The annual budget of India is often an expression of not only the economic direction of the country over the coming year, but also the political intentions of the ruling party. The 2016 budget, which was presented in the Indian parliament on Monday, however, contains more political substance than economic heft. It reveals the political thinking of the Bharatiya Janata Party (BJP) government. The emphasis on rural India and social welfare clearly establishes the fact that Prime Minister Narendra Modi’s government is focused on appeasing political constituencies rather than introducing long-promised reforms.
Before coming to power, Modi promised a new generation of economic and structural reforms. He used to castigate the social policies and subsidy regimes of the previous Congress government. It is this promise that galvanized the middle-class and corporate India in favor of his candidacy. Therefore, for many, the BJP’s dithering on reforms, as exhibited by the latest budget, is baffling.
“It is the politician’s budget. It is not a finance minister’s budget,” says Nilanjan Mukhopadhyay, a political commentator. “The budget is driven by the necessity of politics, which is to recover the lost political ground of 2015 and to ensure that in 2016, the ground recovers so that 2017 onwards, Modi can begin an upward climb toward the next parliamentary elections in 2019. This is a serious attempt at course correction,” adds Mukhopadhyay, who is the author of a biography of the Indian prime minister.
The $290 billion budget is predominantly tilted toward India’s farm sector, which has been in great distress for the last two years. A whopping $5.20 billion has gone into agriculture and farmer welfare, including huge spending on irrigation facilities to reduce monsoon dependency. About $300 million is earmarked for providing cooking gas connections to rural households.
Meanwhile, over $5.5 billion dollars has been given to the Mahatma Gandhi National Rural Employment Guarantee Act (MGNREGA), which provides a guaranteed 100 days a year of employment to Indians in rural areas. This was one of the flagship programs of the previous Congress government, which brought the party electoral success in 2009. When Modi came to power in May 2014, he diluted the funding for this rural job scheme and termed it as a “living monument” to the Congress government’s failures.
“The government is keen on an image makeover,” explains Paranjoy Guha Thakurta, an editor designate of the Economic and Political Weekly. “The government has been conscious of the fact that it is being branded as a regime disposed favorably towards corporations and rich people. Modi wants to shake off that image by emphasizing farmers and the poor,” says Thakurta, a long-time observer of politics and economics in India.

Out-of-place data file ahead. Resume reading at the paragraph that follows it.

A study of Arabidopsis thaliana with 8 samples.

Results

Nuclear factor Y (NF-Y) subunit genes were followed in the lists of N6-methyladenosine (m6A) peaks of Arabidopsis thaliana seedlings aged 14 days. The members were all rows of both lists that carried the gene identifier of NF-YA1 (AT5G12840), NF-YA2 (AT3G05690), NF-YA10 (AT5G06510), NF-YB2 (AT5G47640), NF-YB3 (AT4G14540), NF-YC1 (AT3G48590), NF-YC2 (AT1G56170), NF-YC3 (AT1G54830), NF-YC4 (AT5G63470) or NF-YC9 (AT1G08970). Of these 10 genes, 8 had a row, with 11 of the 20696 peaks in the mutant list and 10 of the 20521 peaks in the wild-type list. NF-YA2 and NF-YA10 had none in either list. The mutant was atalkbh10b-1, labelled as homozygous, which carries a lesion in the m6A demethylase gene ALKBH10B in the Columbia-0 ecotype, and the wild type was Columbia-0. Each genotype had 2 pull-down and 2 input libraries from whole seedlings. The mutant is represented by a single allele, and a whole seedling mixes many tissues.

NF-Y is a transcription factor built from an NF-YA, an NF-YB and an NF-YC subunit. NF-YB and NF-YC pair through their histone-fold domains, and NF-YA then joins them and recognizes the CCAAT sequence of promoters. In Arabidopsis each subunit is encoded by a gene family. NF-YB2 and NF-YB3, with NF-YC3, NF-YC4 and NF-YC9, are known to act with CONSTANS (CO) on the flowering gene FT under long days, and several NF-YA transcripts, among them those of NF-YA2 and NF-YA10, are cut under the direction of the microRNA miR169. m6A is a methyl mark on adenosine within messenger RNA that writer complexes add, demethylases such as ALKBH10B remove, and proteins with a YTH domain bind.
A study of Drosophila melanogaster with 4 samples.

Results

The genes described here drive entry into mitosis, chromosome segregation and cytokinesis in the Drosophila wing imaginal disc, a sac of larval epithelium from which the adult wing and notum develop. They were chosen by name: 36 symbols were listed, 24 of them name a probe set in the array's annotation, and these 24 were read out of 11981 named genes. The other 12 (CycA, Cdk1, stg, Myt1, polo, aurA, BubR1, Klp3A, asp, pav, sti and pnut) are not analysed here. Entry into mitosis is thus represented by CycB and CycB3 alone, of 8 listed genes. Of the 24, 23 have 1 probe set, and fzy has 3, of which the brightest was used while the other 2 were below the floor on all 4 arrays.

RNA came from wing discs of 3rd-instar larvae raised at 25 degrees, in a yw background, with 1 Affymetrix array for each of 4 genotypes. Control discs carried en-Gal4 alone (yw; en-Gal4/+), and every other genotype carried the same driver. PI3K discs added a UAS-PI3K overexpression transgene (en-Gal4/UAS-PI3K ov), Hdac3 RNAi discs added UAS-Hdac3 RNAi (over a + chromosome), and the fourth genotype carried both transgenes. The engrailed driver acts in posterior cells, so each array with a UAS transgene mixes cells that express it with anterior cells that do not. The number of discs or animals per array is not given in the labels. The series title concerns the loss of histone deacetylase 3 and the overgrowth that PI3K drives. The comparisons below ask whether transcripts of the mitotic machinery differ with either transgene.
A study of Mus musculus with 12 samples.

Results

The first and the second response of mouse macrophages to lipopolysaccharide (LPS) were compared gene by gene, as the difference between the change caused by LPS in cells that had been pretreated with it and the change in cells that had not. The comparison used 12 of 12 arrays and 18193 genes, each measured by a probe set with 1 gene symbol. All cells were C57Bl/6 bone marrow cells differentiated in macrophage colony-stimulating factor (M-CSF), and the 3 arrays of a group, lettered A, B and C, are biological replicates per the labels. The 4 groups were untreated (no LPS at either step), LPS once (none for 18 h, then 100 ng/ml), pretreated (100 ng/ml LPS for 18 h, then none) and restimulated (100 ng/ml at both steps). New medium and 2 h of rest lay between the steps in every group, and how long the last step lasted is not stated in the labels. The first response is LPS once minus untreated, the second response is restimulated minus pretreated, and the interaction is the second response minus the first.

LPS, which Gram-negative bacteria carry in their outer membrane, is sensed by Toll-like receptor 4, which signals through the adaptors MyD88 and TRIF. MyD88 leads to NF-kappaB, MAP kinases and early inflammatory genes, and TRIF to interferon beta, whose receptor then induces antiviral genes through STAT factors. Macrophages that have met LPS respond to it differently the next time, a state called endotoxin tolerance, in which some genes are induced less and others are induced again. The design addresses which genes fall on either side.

The same sentiment is echoed by Rajiv Kumar, a senior fellow and economist the Centre for Policy Research (CPR), a New Delhi-based policy think tank. “Yes, there is a politics in the budget,” asserts Kumar, who was among the ardent critics of the previous government’s social schemes.
Commenting on Modi’s pro-farmer tilt, he says that “the Indian prime minister wants to give the impression that his government not only caters to the corporate sector, but also works for the poor. This is a good budget I feel. The government’s efforts to shrink the fiscal deficit are commendable. Instead of going in for an ideal budget, Modi has presented a realistic budget that takes care of almost all sections of Indian society.”
One section which is feeling left out from this year’s budgetary exercise is the middle class, which has been the backbone of the Modi government. No tax rebates were doled out for the middle class; indeed, additional tax burdens have been imposed with the new budget.
“The message is that the middle class is quite well off and it is the poorer section that Modi wants to help through the budget,” says Kumar, who was secretary-general of the Federation of Indian Chambers of Commerce and Industry (FICCI).
“The budget potentially alienates the middle class. My argument is that Modi would like to offset this erosion in support among the middle class by giving them a more majoritarian platform, which has already started with the controversy gripping Jawaharlal Nehru University. Basically the right-wing groups are moving into widening the majoritarian plank by making it more ultra nationalistic. Ultra nationalism combined with economic populism is a deadly combine,” says Mukhopadhyay.
With the 2016 budget, the ruling BJP has pivoted politically and is making a huge political gamble. Its success will depend on delivery, which is not easy considering the experiences of past governments. The fact, however, remains that Modi’s economic policy is largely turning out to be a continuation of what the Congress-led United Progressive Alliance (UPA) government put in place during its decade in power.
For many in India, Modi still has to deliver the change he promised in May 2014, and the 2016 budget does not fulfill that promise.